The American League Central is pretty weak. Of all the teams in the division, only Cleveland has a positive run differential as of today, and that’s by only one run. A number of factors probably contribute to the divisional weakness: lower average budgets than some of the coastal divisions, poor decision making, and perhaps some bad luck. The division, however, is surprisingly strong this season in one area: shortstops. Can any other division compare?

According to the current WAR rankings, the AL Central has three of the six most valuable shortstops so far in 2011. It all starts with Alexei Ramirez, whose combination of a decent bat, good baserunning, and great fielding has enabled him to quietly become perhaps the American League’s best shortstop, as bloggers have noted. But a couple of surprises have really pushed the Central’s shortstops to the fore. UZR may not like Asdrubal Cabrera‘s fielding as much as DRS or the scouts (and I’m not taking a position on which is correct), but even so, his power spike this season has given him excellent offense for a shortstop this season. Even more surprising has been Detroit’s Jhonny Peralta. Originally brought in as a stopgap, his fielding has been better than expected and he’s hitting well enough to show that his 2005 wasn’t a total fluke. The Royals’ Alcides Escobar is no great shakes, but his glove is good enough to make up for his dreadful bat — not bad for the fourth best shortstop in the division. The only team in the Central with a bad shortstop situation is the Twins, where Alexi Casilla couldn’t stick (although he’s been surprisingly decent at second), and Tsuyoshi Nishioka has been awful. But that’s just one team: the Royals have¬†basically have¬†an average shortstop, and the division also has one great shortstop and two that are at least “good.” Generally speaking, are there any other divisions in baseball with overall shortstop talent this strong?

The National League Central is out. Chicago’s Starlin Castro is a good young talent, but he isn’t a superstar (at least not yet). The rest of the division is pretty sad (Yuniesky Betancourt, enough said), although Clint Barmes has been decent for Houston in limited playing time and Ryan Theriot has managed to be bad enough to avoid Tony LaRussa‘s (jealous?) fury. On the other end of the budgetary scale, the American League East is surprisingly weak. Toronto’s Yunel Escobar is right up there with Alexei Ramirez as one of the best overall shortstops in the league (although I’m sure the Jays miss Tim Collins), and J.J. Hardy has had a nice comeback year. Strangely, it is the top teams in the strongest division that are holding the East back. The Rays have a bit of a mess at shortstop, Marco Scutaro has been decent but nothing more for Boston, and Derek Jeter (a bargain at twice the price!) is currently tied with Alcides Escobar at 1.7 WAR.

The American League West has at least one good young shortstop in Elvis Andrus; Erick Aybar is a good player; and Brendan Ryan is showing the “genius” of LaRussa in Seattle. But none are are currently as good as Alexei Ramirez, and neither Aybar nor Ryan are players to over take Cabrera, and maybe not Peralta. We’ll leave poor Cliff Pennington alone in hopes he can recover.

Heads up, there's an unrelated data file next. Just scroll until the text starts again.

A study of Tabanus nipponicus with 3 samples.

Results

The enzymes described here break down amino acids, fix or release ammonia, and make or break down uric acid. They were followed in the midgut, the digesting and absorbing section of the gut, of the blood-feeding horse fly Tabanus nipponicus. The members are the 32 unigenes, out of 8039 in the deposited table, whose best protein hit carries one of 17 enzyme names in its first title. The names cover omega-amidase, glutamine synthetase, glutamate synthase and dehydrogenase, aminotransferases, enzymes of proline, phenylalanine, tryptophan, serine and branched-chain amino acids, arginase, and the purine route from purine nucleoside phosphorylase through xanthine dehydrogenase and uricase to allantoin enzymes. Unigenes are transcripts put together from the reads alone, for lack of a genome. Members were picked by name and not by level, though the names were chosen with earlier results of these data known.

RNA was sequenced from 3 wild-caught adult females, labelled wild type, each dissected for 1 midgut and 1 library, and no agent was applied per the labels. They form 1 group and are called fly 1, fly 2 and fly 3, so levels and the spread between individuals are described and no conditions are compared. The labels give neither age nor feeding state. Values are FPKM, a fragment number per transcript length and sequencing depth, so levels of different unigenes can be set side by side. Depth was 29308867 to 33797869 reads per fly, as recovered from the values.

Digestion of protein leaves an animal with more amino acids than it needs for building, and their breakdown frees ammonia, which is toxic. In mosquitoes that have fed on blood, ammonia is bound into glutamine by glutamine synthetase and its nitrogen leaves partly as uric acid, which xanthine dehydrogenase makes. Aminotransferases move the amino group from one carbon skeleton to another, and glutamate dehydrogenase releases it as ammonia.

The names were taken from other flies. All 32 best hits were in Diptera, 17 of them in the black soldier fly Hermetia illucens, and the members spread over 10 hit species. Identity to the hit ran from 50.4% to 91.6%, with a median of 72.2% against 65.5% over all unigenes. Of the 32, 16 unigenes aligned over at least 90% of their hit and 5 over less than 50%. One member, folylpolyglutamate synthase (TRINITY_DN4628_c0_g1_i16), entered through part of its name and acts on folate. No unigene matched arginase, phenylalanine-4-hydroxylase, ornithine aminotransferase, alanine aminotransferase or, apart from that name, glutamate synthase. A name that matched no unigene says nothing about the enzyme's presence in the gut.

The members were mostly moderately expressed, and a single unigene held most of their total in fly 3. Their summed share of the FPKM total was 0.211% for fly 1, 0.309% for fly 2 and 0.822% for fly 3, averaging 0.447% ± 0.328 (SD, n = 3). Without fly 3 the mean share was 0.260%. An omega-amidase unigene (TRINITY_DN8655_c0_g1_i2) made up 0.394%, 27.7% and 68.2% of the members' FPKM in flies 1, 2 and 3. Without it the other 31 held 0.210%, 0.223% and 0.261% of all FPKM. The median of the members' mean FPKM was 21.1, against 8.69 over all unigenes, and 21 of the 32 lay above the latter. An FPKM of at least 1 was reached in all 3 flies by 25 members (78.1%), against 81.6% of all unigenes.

The National League West might be a potential contender. Troy Tulowitzki is currently rated the most valuable shortstop in baseball for 2011, and given his excellence with both the bat and glove, few would dispute that. Is that enough to carry the division? Stephen Drew is a good player who was having a okay year before his surgery, but it was nothing that one would rank over Peralta or Asdrubal Cabrera. Jamie Carroll (we’ll pass over Rafael Furcal in respectful silence) and Jason Bartlett show that maybe average-ish shortstops aren’t as hard to find as some might think, but that’s hardly impressive. The less said about the Giants’ shortstop situation, the better. Tulo may be the best shortstop in baseball by hgimself, but I still think the Central has overall better shortstop talent.

The real contender, I think, is the National League East. There is a lack of balance here: Washington’s Ian Desmond looks like the a poor man’s Alcides Escobar (that isn’t a compliment to Desmond), and Alex Gonzalez has shown that the Braves must have really hated Yunel Escobar’s guts. But there is serious talent on top. Jimmy Rollins is having a really nice comeback season in Philadelphia. Jose Reyes is the real booster for this division, having a current 2011 WAR second only to Tulo so far. Reyes’ hamstring problems are a bit of a concern, but he’s a monster player, no doubt. The real question mark for placing the East is Hanley Ramirez. One one hand, prior to this season, he was one of the best shortstops in baseball, and arguable the best offensive player at his position. On the other hand, he’s had a horrible year at the plate this season, and questions about his ability to stick at shortstop have returned. It makes him tough to evaluate for this sort of thing.

I would rank Tulowitzki as the best overall shortstop in baseball, but the rest of NL West is rather lacking. The NL East has serious top-end talent, but there are too many question marks around Ramirez. It’s a tough call, but in terms of current talent, I would take the American League Centrals shortstops as a group over any other division’s. Hey, the AL Central has to be good at something.